A more sensitive test capable of detecting heart function issues early in cancer treatment may be beneficial in preventing heart failure.
A more sensitive test capable of detecting heart function issues early in cancer treatment may be beneficial in preventing heart failure, according to a multi-center, international, clinical trial co-led by Peter Munk Cardiac Centre (PMCC) cardiologist Dinesh Thavendiranathan, MD, MSc, FRCPC, FASE.
For approximately 1 in 20 patients diagnosed with cancer, some of the therapies they are prescribed also have the potential to cause heart failure. For this reason, researchers conducted a trial comparing heart function at the end of anthracycline-based chemotherapy, which is a cancer treatment that can also damage the heart, causing cardiotoxicity.
Sindhu Johnson, a patient with breast cancer, was among 307 total participants who enrolled in the trial, 90% of whom had breast cancer.
"When I was diagnosed, I was scared for my life," Johnson said in a press release. "I was willing to undertake any treatment, but I understood my survival may come at a price. And that price included cardiotoxicity."
Thavendiranathan, the lead of the Cardiotoxicity Prevention Program at the Ted Rogers Centre for Heart Research at PMCC, explained that cardiotoxicity acts as an additional burden to the lives of patients already struggling with cancer.
"We hoped our study would show a better way to care for cancer patients, who are already fighting one disease and should not have to worry about the future risk of heart failure too," Thavendiranathan said in the press release.
During the trial, participants were separated into 2 groups during their cancer treatment. In the first group, patients received the current standard of care, measuring left ventricular ejection fraction (LVEF) with echocardiography, which is a traditional imaging technology. In the second group, patients received the current standard of care with an additional imaging method that measures global longitudinal strain (GLS).
Whereas measuring LVEF shows the amount of blood being pumped out of the left ventricle of the heart with each contraction, measuring GLS works differently by demonstrating the deformation of the heart muscle.
"LVEF is the traditional imaging method, but we already know measuring GLS allows for a better identification of heart damage," Thavendiranathan said in the press release. "What we didn't know is if we can reduce the risk of cardiotoxicity by intervening once this early heart damage is detected."
Although the authors who published the findings of the SUCCOUR trial noted that it did not meet its primary outcome—because there was no difference in the continuous measure of heart function for patients in the LVEF and GLS arms among both treated and untreated patients—they did observe patients with an abnormal change in heart function in the GLS arm, which allowed them to initiate the appropriate therapy.
Among these patients, GLS-monitoring allowed for a lower reduction in heart function than traditional LVEF-monitoring. The researchers also observed these patients had a reduced risk of cardiotoxicity, as heart damage was detected sooner and in twice the number of participants than in the LVEF arm.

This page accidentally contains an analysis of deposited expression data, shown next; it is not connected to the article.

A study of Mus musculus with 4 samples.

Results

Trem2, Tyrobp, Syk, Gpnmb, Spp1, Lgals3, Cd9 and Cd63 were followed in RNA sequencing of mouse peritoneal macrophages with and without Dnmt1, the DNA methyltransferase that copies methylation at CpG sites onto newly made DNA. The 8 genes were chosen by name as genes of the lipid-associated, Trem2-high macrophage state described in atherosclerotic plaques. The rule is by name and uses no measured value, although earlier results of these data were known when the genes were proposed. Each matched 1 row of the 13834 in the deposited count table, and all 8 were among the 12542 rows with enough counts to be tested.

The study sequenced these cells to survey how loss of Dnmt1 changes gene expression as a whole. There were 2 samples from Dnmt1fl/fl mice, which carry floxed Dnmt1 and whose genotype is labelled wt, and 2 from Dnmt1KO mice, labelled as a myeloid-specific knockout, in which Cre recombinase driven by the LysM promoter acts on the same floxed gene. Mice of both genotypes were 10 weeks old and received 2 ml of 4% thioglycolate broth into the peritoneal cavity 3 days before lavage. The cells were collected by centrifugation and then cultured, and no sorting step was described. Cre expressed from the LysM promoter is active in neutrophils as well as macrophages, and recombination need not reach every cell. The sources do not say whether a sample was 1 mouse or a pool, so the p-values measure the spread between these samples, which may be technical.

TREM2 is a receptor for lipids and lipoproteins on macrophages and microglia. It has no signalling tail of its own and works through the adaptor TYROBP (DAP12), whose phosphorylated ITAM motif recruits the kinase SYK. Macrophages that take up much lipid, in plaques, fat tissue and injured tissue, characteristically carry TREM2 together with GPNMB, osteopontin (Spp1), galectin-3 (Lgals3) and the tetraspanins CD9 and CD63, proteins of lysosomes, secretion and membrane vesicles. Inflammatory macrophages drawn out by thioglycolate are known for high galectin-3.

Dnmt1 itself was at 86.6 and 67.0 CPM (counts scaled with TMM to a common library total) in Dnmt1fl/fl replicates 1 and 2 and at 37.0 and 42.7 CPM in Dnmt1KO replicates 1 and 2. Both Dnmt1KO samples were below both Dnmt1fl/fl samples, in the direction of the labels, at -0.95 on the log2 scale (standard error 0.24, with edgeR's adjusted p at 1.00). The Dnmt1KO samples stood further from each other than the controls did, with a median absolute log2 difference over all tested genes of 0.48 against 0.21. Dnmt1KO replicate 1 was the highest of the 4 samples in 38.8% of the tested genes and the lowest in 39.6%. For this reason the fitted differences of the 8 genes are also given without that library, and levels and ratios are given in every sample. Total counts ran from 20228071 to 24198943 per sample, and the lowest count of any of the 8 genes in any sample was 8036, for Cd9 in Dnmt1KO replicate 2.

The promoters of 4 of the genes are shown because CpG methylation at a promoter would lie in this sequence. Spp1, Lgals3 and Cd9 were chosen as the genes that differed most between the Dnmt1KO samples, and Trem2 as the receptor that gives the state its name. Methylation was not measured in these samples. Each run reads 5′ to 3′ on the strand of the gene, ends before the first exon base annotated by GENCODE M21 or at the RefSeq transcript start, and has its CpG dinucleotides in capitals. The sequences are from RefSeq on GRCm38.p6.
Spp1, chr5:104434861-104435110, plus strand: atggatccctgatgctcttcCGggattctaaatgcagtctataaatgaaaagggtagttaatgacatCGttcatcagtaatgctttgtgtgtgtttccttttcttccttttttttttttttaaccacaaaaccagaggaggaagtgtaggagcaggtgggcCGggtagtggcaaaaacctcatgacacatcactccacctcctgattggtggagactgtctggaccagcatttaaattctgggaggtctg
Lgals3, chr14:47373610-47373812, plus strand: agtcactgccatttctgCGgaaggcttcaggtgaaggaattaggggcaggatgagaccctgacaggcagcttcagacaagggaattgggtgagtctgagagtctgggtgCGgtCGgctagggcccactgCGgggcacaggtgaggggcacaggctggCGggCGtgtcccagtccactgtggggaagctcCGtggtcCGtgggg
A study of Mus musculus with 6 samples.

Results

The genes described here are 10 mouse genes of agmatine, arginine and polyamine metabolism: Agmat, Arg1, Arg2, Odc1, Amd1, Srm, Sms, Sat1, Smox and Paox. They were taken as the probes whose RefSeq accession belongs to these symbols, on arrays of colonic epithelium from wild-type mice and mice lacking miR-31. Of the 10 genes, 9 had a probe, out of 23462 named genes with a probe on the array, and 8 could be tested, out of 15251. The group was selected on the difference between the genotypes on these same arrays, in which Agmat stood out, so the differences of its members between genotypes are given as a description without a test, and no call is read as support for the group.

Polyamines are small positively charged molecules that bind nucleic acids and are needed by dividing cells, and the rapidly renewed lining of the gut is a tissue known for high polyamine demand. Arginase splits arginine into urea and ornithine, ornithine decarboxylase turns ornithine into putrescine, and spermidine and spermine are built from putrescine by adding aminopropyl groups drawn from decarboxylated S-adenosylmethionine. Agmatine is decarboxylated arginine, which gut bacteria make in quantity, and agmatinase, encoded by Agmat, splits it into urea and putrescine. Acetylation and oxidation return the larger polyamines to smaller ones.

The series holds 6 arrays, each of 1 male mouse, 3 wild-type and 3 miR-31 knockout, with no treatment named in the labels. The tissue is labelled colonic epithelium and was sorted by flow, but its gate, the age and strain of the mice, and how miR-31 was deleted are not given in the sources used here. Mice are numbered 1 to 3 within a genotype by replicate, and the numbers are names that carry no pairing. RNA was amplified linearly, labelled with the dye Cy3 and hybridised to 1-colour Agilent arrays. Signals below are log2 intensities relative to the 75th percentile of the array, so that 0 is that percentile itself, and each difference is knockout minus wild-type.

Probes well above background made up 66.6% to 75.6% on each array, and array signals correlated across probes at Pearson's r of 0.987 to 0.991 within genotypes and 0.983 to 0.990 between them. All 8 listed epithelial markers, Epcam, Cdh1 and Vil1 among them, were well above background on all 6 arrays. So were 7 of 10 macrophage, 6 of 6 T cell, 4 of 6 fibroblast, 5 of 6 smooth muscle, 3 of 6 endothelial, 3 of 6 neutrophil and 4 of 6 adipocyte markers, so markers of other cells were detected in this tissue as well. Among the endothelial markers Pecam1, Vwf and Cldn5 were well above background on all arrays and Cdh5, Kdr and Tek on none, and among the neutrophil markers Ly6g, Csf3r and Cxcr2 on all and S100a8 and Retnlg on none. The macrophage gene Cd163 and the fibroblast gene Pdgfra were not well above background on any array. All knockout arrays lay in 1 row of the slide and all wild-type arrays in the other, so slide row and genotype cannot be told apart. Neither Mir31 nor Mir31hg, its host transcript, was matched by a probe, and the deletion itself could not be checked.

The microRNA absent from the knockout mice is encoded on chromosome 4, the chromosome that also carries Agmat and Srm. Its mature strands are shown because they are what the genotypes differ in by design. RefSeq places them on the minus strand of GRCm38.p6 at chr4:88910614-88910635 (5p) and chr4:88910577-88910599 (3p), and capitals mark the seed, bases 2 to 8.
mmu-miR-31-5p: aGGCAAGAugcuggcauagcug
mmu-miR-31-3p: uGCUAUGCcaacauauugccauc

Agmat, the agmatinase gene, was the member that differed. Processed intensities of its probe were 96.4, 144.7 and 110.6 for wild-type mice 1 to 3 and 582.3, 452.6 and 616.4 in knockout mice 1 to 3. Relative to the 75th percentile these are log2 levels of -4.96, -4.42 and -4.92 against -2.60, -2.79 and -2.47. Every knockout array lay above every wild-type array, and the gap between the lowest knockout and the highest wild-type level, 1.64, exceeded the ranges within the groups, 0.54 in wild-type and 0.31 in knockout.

For oncologists and cardiologists alike, prevention of cardiotoxicity in patients with cancer is a significant concern. For this reason, the results from the secondary outcome of the SUCCOUR trial that showed the use of GLS-monitoring can help patients avoid cardiotoxicity by intervening with cardioprotective therapy if damage is detected is valuable, because this may mean that further reduction in heart function is preventable and the risk of cardiotoxicity can be reduced, according to the study authors.
"The purpose of a sensitive method like GLS is to pick up the presence of disease and treat it early," Thavendiranathan said in the press release. "This means more patients will be treated, and if we start heart medications when a change is identified, we can prevent significant worsening of heart function."
Johnson, who had been randomized into the GLS arm, was one such patient who showed a change in heart function and was initiated on cardio-protective therapy, which improves heart function and prevents further damage, according to the study. Due to this intervention, Johnson’s heart function returned to normal with no presence of cardiotoxicity.
"Our findings suggest we should consider changing how we follow patients during cancer therapy and add GLS to routine heart surveillance," Thavendiranathan said.
Thavendiranathan also noted that the next step is to begin implementing the GLS-measurement approach in clinical practice.
"This trial gave me hope, and I'm thankful to say I'm now doing well and the cancer treatment worked," Johnson said in the press release. "Dr. Thavendiranathan is an excellent physician and researcher, and I'm very thankful to him."
Test for early detection of heart problems reduces risk of heart damage from chemotherapy. Toronto, CA: University Health Network; February 2, 2021. https://www.eurekalert.org/pub_releases/2021-02/uhn-tfe020121.php. Accessed February 18, 2021.